Frightening Medical Treatments of the 1800's

Ah, the Victorian age,  often brings to mind grand estates with beautifully manicured gardens and glamorous women in romantic dresses, walking in the park with perfect gentlemen.  

But what about the other side of the Victorian era?  The side that everyone would rather push under the rug. The scary medical treatments of the 1800's when people were killed frequently, by dangerous tactics that were supposed to make them well.

Here are some of the most frightening medical treatments of the 1800's:

Before 1870 patients were not put  under general anesthesia prior to surgery. They were in fact awake and in terrible pain. Brandy was often offered to them to help with the excruciating pain they felt.  The physicians biggest goal at that time was to perform the procedure as quickly as possible so as to lessen the pain of their patient as much as they could. 

 

Consumption, which is also known as tuberculosis was thought to be a disease that only affected people who were  sinning. People who drank alcohol, masturbated, smoked or committed infidelity.  The treatment used in these cases was a mixture of gas that was inserted into the patients rectum. 

Laudanum  was a mixture of opium and alcohol and was used to treat dying, to ease their pain. It was also used for a wide variety of other health ailments, such as cholera, colds, dysentery, PMS and cholera.  It was easily found at any pharmacy and was very inexpensive.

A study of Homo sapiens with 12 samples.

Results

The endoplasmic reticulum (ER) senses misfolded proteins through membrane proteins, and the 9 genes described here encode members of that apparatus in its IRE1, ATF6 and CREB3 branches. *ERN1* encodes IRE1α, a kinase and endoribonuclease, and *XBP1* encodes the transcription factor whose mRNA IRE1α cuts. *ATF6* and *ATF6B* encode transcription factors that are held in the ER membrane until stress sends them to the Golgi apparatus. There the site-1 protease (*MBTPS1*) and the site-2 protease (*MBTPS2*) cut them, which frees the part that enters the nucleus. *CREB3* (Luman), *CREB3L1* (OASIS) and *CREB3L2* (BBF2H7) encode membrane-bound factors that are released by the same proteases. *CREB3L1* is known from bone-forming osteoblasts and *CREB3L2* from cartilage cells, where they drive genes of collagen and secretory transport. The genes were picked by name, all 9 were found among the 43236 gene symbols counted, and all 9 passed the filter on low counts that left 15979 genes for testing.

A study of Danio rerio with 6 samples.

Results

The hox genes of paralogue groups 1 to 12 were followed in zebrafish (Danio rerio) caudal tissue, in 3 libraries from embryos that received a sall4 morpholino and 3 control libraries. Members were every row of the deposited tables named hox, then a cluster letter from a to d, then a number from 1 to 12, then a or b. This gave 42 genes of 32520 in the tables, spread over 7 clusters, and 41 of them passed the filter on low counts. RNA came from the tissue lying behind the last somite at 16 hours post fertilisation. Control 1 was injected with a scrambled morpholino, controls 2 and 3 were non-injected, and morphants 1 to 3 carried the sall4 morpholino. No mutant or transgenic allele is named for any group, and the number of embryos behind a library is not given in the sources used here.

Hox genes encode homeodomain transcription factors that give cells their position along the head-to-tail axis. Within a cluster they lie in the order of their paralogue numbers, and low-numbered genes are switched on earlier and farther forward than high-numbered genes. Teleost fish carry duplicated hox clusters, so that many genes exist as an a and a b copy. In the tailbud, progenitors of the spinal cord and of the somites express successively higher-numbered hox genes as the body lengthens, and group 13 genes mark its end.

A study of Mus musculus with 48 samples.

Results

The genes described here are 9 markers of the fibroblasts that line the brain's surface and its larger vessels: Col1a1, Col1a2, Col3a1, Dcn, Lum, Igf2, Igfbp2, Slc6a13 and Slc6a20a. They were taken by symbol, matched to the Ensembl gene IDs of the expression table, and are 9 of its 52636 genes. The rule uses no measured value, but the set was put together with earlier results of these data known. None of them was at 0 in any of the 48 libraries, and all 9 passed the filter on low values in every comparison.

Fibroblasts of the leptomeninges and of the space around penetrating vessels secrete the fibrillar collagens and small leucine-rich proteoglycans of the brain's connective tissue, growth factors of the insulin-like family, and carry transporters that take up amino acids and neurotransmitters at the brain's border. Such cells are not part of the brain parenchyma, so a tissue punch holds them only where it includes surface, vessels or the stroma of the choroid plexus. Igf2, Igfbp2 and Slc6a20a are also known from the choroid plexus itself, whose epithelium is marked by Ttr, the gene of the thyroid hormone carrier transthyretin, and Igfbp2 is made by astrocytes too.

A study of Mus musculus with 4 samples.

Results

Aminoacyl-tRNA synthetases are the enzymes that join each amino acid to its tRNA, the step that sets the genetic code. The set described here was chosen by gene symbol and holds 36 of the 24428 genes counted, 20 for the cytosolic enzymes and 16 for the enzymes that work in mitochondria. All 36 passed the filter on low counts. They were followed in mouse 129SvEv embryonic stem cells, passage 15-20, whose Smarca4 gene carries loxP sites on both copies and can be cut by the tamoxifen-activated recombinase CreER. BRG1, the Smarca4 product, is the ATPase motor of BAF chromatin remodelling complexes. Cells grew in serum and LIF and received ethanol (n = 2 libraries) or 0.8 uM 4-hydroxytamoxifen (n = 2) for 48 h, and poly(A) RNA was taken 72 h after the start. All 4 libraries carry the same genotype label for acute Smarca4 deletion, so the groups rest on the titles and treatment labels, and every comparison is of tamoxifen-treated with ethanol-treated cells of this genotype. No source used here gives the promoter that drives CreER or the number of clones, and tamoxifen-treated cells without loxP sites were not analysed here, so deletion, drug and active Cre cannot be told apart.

This terrible disease killed thousands of people during the 1800's.  It caused severe cramps, diarrhea, vomiting and dehydration.  The treatment for this disease was turpentine enemas and pouring boiling water on them.

In the 1800's women who had symptoms such as, moodiness, headache, and lower abdominal cramping (what we today know as PMS) would be treated by bringing the woman to an orgasm. They were called paroxysms in those days, because it was widely believed that women could not achieve  orgasms or sexual satisfaction. If the case of hysteria was severe, it was treated with a hysterectomy.   Although, this was a last resort because hysterectomies at that time had only a 30 percent survival rate, because of sepsis.

Teething babies were often given a mix of gin and opium, which was supposed to calm them. Unfortunately many babies died from this lethal combination. 

A highly toxic mineral called calomel was used to treat STDs. It was actually mercury chloride and would be given in the form of a tablet or an injection. It would frequently demolish a person's intestinal lining and the lining of their stomach and they would die a slow painful death. 

What do you think about these frightening medical treatments? Comment below!